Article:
Editor’s note: This commentary is by Steve Cairns, owner of Advisor Tax Services. He lives in Stowe.
Recently I discovered a new quirk (or maybe inadvertent carve-out) in the calculation of homeowner property tax credits for this coming fiscal year 2021-22 that, unless changed, may result in a considerable unplanned increase in residential Property Tax Credits to be issued by the state beginning this July.
As you may already know, a large majority of Vermont primary homeowners have their property tax calculated based on their prior calendar year “household income” (HI). In the Vermont Statutes, 32 V.S.A 6061(5) defines “federal adjusted gross income” (AGI) as the beginning point for the calculation of HI. Then the statute adds several specific non-taxable items back into HI (e.g. Social Security). There are also a few exclusions. So any new form of income that is non-taxable will not be in AGI and will not be added back because it is not specifically stated in the statute.
This has had many unintended consequences, but the biggest one that I can remember just revealed itself. All the PPP/EIDL loan money that Vermont small businesses have received from the U.S. Treasury and is expected to be forgiven will be treated as non-taxable income (per the Dec. 20 COVID relief bill) on federal tax returns, and therefore will not be in AGI. However, the business expenses paid with this relief money will still be deductible, and therefore will still reduce AGI.
The end result of this is that there could be a significant decrease in collective HI, resulting in a significant increase in property tax credits paid out by the state next fiscal year. I wonder if this situation is getting any attention from the Legislature. It may be a blip or a huge bubble, I have no clue.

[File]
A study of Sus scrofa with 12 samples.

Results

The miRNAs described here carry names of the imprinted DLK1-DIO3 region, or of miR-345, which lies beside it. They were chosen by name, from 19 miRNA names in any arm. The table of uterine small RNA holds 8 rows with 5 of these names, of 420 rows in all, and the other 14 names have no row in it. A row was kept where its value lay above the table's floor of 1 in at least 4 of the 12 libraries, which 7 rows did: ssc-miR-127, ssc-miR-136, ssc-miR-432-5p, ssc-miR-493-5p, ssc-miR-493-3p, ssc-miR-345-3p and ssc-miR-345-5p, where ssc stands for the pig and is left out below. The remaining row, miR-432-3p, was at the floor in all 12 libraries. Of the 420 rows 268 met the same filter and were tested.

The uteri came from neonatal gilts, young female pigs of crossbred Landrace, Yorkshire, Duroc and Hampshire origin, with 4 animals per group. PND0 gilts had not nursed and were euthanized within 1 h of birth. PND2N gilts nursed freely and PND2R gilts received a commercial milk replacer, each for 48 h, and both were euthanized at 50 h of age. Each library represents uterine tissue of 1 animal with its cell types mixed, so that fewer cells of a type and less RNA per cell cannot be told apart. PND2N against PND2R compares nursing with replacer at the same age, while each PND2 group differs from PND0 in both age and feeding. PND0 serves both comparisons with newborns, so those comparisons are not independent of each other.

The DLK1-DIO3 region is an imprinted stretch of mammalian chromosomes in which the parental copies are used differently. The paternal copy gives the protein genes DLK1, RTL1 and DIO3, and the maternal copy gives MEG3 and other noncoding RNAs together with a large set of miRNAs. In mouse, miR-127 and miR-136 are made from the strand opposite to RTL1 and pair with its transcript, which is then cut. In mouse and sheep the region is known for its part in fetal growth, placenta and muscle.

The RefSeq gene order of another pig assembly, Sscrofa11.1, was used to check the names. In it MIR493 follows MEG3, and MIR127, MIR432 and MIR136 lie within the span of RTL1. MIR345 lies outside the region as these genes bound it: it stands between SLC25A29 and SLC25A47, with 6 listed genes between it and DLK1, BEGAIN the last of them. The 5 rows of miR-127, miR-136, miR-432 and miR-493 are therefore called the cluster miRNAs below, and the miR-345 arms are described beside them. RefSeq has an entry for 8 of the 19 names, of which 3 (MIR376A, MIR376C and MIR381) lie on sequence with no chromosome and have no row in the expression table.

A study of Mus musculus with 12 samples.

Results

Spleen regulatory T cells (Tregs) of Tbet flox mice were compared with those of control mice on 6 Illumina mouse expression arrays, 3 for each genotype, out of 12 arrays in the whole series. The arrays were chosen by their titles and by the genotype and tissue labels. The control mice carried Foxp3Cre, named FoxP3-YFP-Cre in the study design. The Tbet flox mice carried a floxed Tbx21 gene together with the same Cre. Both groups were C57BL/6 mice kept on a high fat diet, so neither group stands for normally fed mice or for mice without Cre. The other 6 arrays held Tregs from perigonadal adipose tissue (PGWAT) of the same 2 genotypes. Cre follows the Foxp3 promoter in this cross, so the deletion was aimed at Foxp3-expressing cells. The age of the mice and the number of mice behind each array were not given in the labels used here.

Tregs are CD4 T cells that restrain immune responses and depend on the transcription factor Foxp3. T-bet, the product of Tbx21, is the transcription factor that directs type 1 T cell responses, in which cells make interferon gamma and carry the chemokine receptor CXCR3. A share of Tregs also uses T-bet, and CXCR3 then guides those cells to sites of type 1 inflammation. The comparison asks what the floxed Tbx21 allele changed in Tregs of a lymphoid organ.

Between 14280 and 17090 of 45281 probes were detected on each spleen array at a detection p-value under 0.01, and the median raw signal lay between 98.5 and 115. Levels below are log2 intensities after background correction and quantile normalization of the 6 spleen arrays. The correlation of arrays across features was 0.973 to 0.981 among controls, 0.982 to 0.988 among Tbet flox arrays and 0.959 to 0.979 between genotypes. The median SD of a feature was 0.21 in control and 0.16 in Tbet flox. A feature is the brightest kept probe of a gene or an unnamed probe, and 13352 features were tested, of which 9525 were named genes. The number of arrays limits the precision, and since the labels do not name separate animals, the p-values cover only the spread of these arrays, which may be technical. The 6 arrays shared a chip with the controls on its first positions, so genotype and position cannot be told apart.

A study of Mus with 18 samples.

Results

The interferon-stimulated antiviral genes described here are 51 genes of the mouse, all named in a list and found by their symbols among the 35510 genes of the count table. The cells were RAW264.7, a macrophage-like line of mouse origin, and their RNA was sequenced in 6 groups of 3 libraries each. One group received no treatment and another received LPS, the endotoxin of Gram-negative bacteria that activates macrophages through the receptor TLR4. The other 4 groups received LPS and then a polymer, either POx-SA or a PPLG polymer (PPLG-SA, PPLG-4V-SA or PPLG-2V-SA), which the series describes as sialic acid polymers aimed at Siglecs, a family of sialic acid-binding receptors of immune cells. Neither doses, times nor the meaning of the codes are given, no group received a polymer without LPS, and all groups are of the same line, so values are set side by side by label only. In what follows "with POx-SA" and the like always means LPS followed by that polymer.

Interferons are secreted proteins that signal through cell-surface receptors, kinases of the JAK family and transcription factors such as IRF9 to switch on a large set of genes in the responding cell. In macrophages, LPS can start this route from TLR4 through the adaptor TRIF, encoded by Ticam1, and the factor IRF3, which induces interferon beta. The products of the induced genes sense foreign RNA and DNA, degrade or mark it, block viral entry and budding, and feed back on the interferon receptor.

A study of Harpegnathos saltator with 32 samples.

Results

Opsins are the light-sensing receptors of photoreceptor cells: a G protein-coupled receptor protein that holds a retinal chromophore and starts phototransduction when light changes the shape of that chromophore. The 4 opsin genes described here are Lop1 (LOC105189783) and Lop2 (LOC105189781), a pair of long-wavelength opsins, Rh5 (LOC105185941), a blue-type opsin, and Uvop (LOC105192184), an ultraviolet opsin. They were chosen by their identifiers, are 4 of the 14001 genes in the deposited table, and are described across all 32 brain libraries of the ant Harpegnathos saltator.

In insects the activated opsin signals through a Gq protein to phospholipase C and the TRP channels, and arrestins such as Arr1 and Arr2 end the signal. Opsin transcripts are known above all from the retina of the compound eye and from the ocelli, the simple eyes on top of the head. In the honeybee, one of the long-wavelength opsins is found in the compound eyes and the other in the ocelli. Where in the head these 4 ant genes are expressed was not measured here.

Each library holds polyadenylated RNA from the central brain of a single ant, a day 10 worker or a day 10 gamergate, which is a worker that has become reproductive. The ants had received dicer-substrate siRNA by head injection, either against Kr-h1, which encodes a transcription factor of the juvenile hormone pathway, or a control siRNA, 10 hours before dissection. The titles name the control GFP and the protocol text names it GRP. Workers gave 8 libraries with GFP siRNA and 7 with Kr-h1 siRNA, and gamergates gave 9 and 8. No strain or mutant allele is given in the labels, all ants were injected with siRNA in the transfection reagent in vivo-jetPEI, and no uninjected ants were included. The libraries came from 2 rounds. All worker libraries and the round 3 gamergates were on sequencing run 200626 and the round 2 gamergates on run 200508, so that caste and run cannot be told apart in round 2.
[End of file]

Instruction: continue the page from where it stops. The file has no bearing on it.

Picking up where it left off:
The calculation of household income is fraught with inequities. The original mantra of Act 60 was to assess school taxes based on the ability to pay. The Legislature based the calculation of property tax and the resulting credit on the concept of household income (taxable and non-taxable income of all members). The resulting law adds back non-taxable items such as Social Security, workers’ compensation, veterans’ benefits and some state support monies (such as Reach Up and child care support), but not all (VT EITC, 3 Squares, Liheap, etc.).
Almost immediately, the idea that “household income” reflected ability to pay began to erode. The Legislature has never added back any federal refundable tax credits such as Earned Income Tax Credit, Additional Child Tax Credit and tuition credits. In 2010, the Legislature added several arbitrary adjustments to HI designed to penalize certain undesirable groups. Now the state is specifically excluding the EIP (“stimulus”) and PPP/EIDL from that calculation (because they are not in the statute).
As a result of these arbitrary exclusions, we can confidently state that household income as a measurement of ability to pay is a joke. It is clearly not.